Interview: Getting over the IT roadblock when selecting business technology

Choosing software and cloud solutions for business is a difficult task and getting it wrong can have serious consequences. We've all heard horror stories about money being wasted on systems that either don't deliver or are left unused.

So, how can organisations make better decisions on systems purchases? We spoke to Venkat Devraj, CEO of technology selection specialist, SelectHub, to find out.

There's a perpetual tug-of-war between business managers and IT departments when it comes to technology selections - who should take the lead?

Your question highlights a key issue for IT in many organisations: are they seen as a helpful, strategic partner or just a roadblock? How many end-users and business unit leaders view IT as a trusted advisor - someone who understands their pain and more importantly, is ready to do something about it in a reasonable time frame?

Engaging with IT often means imposing a drawn-out process comprising service desk tickets, questionnaires and sitting through meetings with IT personnel who rarely share the sense of business urgency.

So you're saying avoid the IT department whenever possible?

For the sake of your technology investments, it's not advisable to bypass your IT department. However, regardless of who's initiating the selection or leading the project, for IT to be brought into the loop early and often, it needs to act as a strategic facilitator rather than a control group.

Rather than being obsessed with arcane concepts such as architectural compatibility and relying on archaic selection tools such as Word docs and Google spreadsheets, they need to evolve the underlying process with a prescriptive workflow which can be driven by end-users in self-service mode. This involves a major rethinking of the way IT typically operates -- if they want to remain relevant and provide real business value to their organisations.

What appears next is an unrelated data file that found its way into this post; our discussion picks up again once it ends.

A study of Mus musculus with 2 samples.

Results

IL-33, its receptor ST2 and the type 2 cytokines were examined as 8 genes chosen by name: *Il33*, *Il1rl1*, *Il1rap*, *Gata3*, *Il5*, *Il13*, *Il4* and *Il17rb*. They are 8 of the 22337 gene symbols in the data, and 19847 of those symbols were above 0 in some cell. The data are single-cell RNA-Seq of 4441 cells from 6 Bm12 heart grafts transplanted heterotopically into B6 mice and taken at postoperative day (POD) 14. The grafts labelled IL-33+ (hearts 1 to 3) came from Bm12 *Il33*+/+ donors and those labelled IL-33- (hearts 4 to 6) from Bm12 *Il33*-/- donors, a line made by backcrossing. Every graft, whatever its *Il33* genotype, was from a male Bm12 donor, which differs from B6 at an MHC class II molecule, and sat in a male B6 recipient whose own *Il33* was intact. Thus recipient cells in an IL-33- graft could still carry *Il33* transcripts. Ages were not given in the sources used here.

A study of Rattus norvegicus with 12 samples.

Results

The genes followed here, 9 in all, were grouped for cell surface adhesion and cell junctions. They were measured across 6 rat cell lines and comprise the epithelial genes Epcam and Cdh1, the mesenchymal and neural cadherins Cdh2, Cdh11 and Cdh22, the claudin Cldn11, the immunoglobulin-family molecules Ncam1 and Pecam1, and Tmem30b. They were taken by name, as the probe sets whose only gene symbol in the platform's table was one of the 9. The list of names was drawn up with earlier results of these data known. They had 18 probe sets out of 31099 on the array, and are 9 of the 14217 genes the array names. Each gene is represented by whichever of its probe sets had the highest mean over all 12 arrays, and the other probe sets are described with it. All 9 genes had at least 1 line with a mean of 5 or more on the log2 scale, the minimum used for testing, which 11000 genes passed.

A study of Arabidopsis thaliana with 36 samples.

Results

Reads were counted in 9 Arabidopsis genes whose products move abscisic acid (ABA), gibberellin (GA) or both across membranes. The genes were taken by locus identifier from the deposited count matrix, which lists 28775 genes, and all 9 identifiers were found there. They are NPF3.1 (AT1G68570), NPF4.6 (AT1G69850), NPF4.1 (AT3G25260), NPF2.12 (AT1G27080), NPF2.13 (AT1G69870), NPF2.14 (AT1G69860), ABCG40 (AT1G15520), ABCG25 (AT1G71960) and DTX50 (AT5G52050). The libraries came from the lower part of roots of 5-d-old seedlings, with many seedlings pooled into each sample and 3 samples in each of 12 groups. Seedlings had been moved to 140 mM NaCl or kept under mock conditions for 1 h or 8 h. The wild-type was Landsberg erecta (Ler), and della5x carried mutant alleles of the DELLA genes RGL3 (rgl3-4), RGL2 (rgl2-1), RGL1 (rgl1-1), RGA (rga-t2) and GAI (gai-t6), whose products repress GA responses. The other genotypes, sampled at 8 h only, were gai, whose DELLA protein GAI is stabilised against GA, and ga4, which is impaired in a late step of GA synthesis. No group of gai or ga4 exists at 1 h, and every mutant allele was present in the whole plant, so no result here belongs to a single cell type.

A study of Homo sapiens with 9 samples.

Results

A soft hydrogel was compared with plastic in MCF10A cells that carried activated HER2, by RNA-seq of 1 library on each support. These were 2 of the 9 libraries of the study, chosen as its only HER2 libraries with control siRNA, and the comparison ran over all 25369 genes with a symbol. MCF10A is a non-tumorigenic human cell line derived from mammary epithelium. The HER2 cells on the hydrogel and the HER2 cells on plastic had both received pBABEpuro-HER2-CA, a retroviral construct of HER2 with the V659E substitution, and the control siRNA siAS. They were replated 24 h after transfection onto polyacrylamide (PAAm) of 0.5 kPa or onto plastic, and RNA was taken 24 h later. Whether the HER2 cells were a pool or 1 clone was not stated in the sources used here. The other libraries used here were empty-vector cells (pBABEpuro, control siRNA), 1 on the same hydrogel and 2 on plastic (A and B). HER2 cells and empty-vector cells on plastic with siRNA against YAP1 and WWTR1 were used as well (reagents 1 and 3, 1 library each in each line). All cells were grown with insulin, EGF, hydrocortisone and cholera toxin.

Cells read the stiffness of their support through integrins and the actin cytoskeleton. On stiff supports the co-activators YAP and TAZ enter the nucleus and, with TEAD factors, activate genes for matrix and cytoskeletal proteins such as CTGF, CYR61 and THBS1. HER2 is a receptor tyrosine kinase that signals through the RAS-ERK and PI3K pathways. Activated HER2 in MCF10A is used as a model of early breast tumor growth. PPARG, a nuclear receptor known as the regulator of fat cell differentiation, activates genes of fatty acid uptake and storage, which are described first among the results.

How does IT reinvent itself to become more relevant?

IT needs to be relentless in eliminating administrative overhead and make its presence felt as an agile service broker and a provider of relevant market context to help the business units make the right decision. Some progressive organisations are already going down this path via a disciplined Technology Selection Management (TSM) methodology.

In our experience working with over 2,000 IT selection projects across a variety of industries and company sizes, any notion of cookie-cutter selection approach does not work. In these complex events, the overall process needs to be separated into a sequence of steps such as functional requirements gathering, technical requirements gathering, vendor/product short-listing, and all validation steps - right through to financial due diligence, and contract negotiation. Each step should be viewed discretely and led by project managers from IT or end-user business units, depending on the scope of that step and the net beneficiaries.

Expecting a single group to represent and lead the entire process results in various incorrect assumptions and compromises being made, which ultimately jeopardise the success of that investment.

Has the rise of the cloud changed the procurement landscape, allowing line managers to bypass IT for example?

Yes, and we are seeing it grow at a non-linear pace. In 2013, when we first launched, we saw over 90 per cent of our users were IT personnel. Now that percentage has come down to 50 per cent, with over 40 per cent of projects completely bypassing IT - IT is not even a passive stakeholder in the process!

How can the process ensure that security and compliance requirements are met?

When offering technology selection as a service within their organisation, IT should seed the TSM workflow with their security, compliance and architectural requirements upfront so it doesn't become an afterthought.

Other control groups such as finance and procurement can do the same thing by incorporating vendor due diligence and contractual requirements based on specific parameters such as scope of purchase, departments being impacted and size of budget.

With all these pre-set requirements, aren't we back to IT being a roadblock?

Quite the opposite. By building those requirements right into the process backbone, end-users are not held hostage to IT and finance personnel not being available to vet the process thus eliminating latency and re-work. Any selection event initiated by end-users would seamlessly encompass relevant functional and technical criteria that are uniformly applicable to a project of that kind.

Do senior managers need to adjust their mindset to take account of hybrid and cloud environments?

End users primarily care about functionality and time to value. Cloud-based deployments shrink implementation time lines and operational costs significantly. So there is a great deal of migration happening to the cloud. Gartner has predicted that on-premise software will decline from 34 per cent last year to 18 per cent by 2017.

Given that the cloud has become the first choice for deploying applications, it will continue to disrupt the traditional stodgy technology selection processes that IT and procurement managers have relied on, creating a greater urgency to evolve towards an agile TSM practice.